EU Referendum

Ukraine: no support from the West



However, that said, no one could reasonably assert that the situation has been handled at all well over the years. There is fault and mismanagement on all sides. Thus, only someone with an almost total lack of grasp of the issues could think of writing of Putin's "unprovoked aggression".

In particular, to focus the entire blame for current developments is to neglect what appears to be a quite deliberate attempt by the interim Ukrainian government to stoke up tension in the region, with a view to pulling in external support from the West.

And that again could be some of the motivation behind current events, where armed men have been reported storming the Ukrainian-held base in Simferopol, firing automatic weapons. A Ukrainian officer is said to have been killed and other injured, while a third serviceman had leg and head injuries after being beaten with iron bars.

This attack came shortly after Putin and the leaders of Crimea signed a bill to permit the peninsula to join the Russian Federation, a move condemned by "western powers". With a G7 and EU crisis meeting called for next week in The Hague, this development is going to be high on the agenda.

Alongside that, we are seeing bellicose talk from the governor of Donetsk city, with mobilisation of the Ukrainian Army and Oleksandr Turchnynov, the country’s interim president, talking glibly of the conflict shifting to a "military stage".

Turchnynov, however, seems to be exhibiting a degree of naïvety that got Ukraine into trouble in the first place, relying on the support of the west which has yet to materialise. That naivety is evident in the recent statement from Viktor Yushchenko, co-leader of the 2004 Orange revolution. He says that Europe's long-term security depends on Ukraine's full integration into the EU and NATO, otherwise Russia would continue to destabilise the continent indefinitely.

There seems less naivety on the streets of Kiev, where a crowd of thousands of Ukrainians protested about the presence of pro-Russian soldiers in Crimea. But, where once EU flags were prominent, now only Ukrainian flags are waved. The revolutionaries have started to view the EU with disappointment after Brussels failed to do more than verbally back the revolution.

Joining the EU, it seems, is still a long-term goal of many protestors in Maidan. However, the successful efforts of Ukrainians in toppling their own corrupt leadership without outside assistance has inspired a general feeling of indifference toward Brussels, mirroring the indifference Ukrainians feel Brussels showed them.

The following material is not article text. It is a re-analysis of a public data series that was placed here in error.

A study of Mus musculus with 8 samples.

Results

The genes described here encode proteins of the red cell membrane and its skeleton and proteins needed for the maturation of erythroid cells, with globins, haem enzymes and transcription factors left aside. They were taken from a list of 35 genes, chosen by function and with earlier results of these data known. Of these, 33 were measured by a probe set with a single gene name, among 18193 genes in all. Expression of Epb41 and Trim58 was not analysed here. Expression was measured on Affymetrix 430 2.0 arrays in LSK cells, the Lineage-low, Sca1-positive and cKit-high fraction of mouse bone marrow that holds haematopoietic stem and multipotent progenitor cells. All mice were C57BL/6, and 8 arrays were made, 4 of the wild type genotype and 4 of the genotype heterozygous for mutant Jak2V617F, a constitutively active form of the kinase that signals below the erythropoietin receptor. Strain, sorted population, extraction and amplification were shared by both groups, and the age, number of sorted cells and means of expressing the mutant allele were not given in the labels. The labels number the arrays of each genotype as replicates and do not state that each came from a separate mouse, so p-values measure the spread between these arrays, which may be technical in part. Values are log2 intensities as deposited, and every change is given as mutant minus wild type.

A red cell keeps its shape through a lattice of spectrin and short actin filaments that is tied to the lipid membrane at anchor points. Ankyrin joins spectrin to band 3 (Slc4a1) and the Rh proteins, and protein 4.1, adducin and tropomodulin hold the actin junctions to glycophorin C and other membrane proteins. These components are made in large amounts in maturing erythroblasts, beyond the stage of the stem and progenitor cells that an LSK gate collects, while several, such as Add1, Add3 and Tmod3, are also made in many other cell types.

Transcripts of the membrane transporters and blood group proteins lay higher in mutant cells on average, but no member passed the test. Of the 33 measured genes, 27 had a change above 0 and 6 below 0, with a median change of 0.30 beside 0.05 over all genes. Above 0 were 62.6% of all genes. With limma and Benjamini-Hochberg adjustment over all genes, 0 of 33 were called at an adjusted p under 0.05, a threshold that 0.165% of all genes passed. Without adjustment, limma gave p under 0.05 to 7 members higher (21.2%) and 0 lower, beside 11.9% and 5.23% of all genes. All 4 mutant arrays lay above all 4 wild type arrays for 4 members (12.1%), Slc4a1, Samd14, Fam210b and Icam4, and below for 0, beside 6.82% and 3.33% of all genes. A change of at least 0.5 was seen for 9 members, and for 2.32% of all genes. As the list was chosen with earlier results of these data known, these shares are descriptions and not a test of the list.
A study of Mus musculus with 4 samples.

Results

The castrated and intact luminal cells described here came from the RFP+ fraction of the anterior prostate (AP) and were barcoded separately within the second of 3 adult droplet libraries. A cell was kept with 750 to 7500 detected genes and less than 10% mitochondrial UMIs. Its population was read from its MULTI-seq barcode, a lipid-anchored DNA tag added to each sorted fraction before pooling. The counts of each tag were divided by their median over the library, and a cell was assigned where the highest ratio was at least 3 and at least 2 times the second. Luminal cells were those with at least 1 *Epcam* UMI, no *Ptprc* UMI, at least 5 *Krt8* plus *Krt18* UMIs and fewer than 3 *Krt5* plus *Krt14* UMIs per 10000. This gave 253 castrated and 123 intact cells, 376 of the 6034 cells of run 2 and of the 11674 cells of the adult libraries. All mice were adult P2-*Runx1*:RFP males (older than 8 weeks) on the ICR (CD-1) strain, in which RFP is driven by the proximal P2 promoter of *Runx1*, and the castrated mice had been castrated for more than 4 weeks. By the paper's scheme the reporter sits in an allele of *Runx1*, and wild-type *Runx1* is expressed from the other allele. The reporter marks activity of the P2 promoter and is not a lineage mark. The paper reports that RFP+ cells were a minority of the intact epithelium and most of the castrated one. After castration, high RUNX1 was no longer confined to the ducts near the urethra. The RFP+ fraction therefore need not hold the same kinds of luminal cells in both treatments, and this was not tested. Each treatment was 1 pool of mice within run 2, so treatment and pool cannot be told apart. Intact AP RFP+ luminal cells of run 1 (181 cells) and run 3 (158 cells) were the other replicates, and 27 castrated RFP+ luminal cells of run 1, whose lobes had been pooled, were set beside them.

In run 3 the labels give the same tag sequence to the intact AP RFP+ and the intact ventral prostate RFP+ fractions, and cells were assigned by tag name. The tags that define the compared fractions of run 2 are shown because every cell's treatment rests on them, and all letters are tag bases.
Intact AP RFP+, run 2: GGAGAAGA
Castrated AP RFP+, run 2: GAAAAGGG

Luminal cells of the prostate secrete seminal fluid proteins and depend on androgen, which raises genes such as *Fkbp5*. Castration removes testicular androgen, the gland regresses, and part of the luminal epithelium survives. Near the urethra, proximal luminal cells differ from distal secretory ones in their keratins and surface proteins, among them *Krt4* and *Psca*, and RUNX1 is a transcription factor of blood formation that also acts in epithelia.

The emphasis, we are now told, is on protecting the accomplishments of the revolution internally and bracing for Russia's fracturing of country. Spiegel sees this as a "ticking timebomb", as Moscow moves to destabilize eastern Ukraine. But if Turchnynov and his colleagues in the interim government believe the west is going to step in with material assistance, they are going to be let down once again.

An immediate settlement could keep the rest of Ukraine intact, but continued tension can only further damage the country. Spiegel states the obvious, that the conflict could ultimately split Ukraine - with the east turning to Moscow and the west to the European Union.

If that were to happen, the paper says, it's possible the new government in Kiev would lose the part of the country that is most important economically because the coal mines and the steelmaking plants of the east comprise Ukraine's economic heart.

The large firms, we are informed, are highly dependent on Russian orders. Ninety percent of Russian nuclear power plants, for example, are equipped with turbines from the Kharkiv-based high-tech firm Turboatom. When it comes to the geo-political power-play for Ukraine, Spiegel says, the ace up Putin's sleeve is the east, not Crimea. It would be easy for him to light the fuse there, even without a military operation.

Such signs as can be adduced, therefore, suggest that the interim government is playing a dangerous game if it thinks it can keep stoking up the tension and then rely on the West to back it up. The West, and especially the EU, will do nothing.

It is all very well for William Hague to puff outrageous that that Putin has made a "big miscalculation", and that Russia will face "costs and consequences" for its intervention. But, apart from suspending the Harrods cards of a few oligarchs, the EU and its members states have very little ability to influence events. The more bellicose the statements, the the weaker they end up looking.

Even the Open Europe Muppets are admitting that, although this is "a conflict driven by Moscow", it illustrates the EU's "all or nothing" approach to its neighbourhood "is no longer viable in the 21st Century".

Just over the border to the west, there lies Poland, another country that thought it could rely on assurances from western allies. But, last century, when the chips were down, it found it was on its own, with the Russian Bear as its "liberator" that took half a century to remove.

It looks as if history might be repeating itself in the 21st Century, as the EU's vainglorious pretensions to be the guarantor of peace and stability in Europe have finally been exposed, while the idea that the UK, as part of the EU somehow increases its power an influence, is shown to be the empty rhetoric that it has always been.